On a warm June day the sheep graze in the green pastures around the sleepy little village of Luppitt in East Devon just as they have since ancient times. Perhaps the hedges are more neatly trimmed, the fields more divided, the hills less densely wooded than they were in the sixteenth century, but the contours of Devon’s rolling countryside remain unchanged.
Luppitt lies four miles due north of Honiton, two miles west of the River Otter. In early sources the name of the village was rather endearingly written “Love-pit” - supposedly a reference to a monastery that was once sited in a low pit or hollow within the parish. The monastery was dissolved by William de Mohun, when he founded the abbey of Newnham near Axminster. The Mohun’s held the manor until the fourteenth century when it passed into the Carew family with the marriage of John Carew and Margaret de Mohun. The ancient manor-house, known as Mohun’s Ottery, is now a private house and is some little distance from the village. It became a farm-house and was largely destroyed by fire in 1847, but Peter Carew’s sixteenth century arched gatehouse still stands with some of the carving intact.
The church of St Mary stands high on the hill to the north of the village and dates from the early 14th century, perhaps from the time of John Carew.
Two stone faces peer at us as we go though the door.
There is something especially welcoming in the cool, musty air of this church in mid summer; a feeling of continuity, of connection with all those who have gathered in this special place in times long past.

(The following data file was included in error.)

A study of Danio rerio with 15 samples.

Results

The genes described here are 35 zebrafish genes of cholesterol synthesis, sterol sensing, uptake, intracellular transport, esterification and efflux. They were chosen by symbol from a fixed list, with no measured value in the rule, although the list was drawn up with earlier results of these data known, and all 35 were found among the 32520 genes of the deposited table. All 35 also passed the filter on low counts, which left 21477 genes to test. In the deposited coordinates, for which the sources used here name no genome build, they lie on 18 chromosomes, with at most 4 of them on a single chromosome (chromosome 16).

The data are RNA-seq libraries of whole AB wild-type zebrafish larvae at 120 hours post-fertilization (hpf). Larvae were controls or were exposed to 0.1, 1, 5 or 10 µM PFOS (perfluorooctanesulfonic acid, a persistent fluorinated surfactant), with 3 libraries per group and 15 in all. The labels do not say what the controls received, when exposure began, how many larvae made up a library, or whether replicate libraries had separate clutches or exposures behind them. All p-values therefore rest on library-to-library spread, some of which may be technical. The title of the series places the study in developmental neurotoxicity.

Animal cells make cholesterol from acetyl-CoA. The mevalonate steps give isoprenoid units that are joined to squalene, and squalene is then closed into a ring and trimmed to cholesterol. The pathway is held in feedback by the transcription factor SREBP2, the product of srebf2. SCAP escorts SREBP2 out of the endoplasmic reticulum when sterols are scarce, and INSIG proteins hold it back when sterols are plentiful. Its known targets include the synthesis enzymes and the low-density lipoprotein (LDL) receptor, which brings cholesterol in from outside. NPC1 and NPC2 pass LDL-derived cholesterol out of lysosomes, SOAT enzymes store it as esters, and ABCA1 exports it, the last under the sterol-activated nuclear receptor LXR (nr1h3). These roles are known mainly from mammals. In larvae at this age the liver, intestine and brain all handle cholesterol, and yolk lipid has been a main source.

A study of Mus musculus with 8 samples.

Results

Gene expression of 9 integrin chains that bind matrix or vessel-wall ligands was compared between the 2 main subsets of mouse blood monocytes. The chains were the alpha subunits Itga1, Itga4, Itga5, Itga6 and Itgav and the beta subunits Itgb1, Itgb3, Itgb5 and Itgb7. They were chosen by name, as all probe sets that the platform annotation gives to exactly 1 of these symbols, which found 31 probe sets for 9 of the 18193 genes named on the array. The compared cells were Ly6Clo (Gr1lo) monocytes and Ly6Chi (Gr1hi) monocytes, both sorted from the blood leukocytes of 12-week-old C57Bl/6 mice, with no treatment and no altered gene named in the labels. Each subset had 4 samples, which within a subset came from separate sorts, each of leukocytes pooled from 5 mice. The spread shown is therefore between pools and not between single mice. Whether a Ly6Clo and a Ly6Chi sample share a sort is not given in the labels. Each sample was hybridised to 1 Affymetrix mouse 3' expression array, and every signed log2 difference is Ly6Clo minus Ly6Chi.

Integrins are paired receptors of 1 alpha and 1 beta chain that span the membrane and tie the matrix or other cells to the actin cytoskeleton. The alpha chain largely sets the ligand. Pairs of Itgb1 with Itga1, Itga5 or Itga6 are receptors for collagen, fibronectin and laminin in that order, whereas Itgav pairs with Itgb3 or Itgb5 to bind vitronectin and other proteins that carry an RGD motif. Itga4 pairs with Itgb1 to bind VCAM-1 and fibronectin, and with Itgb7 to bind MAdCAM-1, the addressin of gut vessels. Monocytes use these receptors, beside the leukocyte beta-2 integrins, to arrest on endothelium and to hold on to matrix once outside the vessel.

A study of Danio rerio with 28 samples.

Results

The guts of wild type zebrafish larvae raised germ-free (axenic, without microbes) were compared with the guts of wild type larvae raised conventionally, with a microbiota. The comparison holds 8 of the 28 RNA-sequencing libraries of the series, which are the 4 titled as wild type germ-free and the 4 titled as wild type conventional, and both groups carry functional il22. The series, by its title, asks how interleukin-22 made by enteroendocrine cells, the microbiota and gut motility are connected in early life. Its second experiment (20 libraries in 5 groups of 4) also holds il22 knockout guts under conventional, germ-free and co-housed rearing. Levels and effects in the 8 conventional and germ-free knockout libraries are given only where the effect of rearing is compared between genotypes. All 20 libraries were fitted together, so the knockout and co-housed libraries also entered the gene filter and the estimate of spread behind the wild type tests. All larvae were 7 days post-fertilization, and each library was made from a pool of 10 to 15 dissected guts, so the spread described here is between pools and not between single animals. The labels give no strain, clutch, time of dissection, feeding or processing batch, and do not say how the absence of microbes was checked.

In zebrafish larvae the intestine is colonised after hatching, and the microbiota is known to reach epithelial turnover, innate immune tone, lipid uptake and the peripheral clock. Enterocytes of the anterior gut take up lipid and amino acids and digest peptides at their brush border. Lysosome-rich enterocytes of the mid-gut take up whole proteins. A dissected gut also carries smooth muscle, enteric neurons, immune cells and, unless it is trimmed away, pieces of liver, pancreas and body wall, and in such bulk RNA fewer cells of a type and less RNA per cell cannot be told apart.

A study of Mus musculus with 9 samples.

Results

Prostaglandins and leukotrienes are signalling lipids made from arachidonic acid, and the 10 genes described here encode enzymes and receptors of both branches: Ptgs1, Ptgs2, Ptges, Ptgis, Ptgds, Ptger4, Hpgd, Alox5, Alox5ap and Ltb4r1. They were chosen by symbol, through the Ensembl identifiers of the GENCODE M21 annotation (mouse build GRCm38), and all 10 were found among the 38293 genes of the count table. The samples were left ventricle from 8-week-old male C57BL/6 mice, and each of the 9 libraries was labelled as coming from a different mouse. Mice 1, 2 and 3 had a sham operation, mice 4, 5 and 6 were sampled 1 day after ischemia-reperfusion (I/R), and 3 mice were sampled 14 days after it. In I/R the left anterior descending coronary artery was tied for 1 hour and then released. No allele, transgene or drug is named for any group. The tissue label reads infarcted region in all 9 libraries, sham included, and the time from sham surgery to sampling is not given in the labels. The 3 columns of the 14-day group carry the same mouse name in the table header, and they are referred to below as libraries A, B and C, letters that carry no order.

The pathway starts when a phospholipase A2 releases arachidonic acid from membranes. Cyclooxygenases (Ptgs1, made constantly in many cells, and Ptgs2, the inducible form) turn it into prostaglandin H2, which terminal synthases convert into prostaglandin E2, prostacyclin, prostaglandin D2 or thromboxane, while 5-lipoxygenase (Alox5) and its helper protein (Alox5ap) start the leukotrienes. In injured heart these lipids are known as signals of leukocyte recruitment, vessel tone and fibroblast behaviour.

If I close my eyes I can imagine George Carew, who would later rise high in the church, leading the service for his brother William's funeral in 1536. Perhaps William's sons, George and Peter -- larger than life figures who played their part on the Tudor stage --- were there too.
Even in the dim light, you can’t miss the astonishing Membury stone font, probably Norman, although some say it may be Saxon. A shiver runs down my spine as I examine the square bowl with its round rib moulding, It is covered with strange carvings that seem odd in a place of worship. On one side it seems to show a martyrdom, on the other a fabulous monster, wild animals and strange patterns. Images from a long forgotten past.
Each corner has a large mask like head, mouth turned down as though in some agony of despair.
But outside all is bright and beautiful. The sun beats down on green hills and flowers..
And the sparkling river winds its lazy way through lush meadows. Luppitt is a place of Inspiration on a Devon summers day.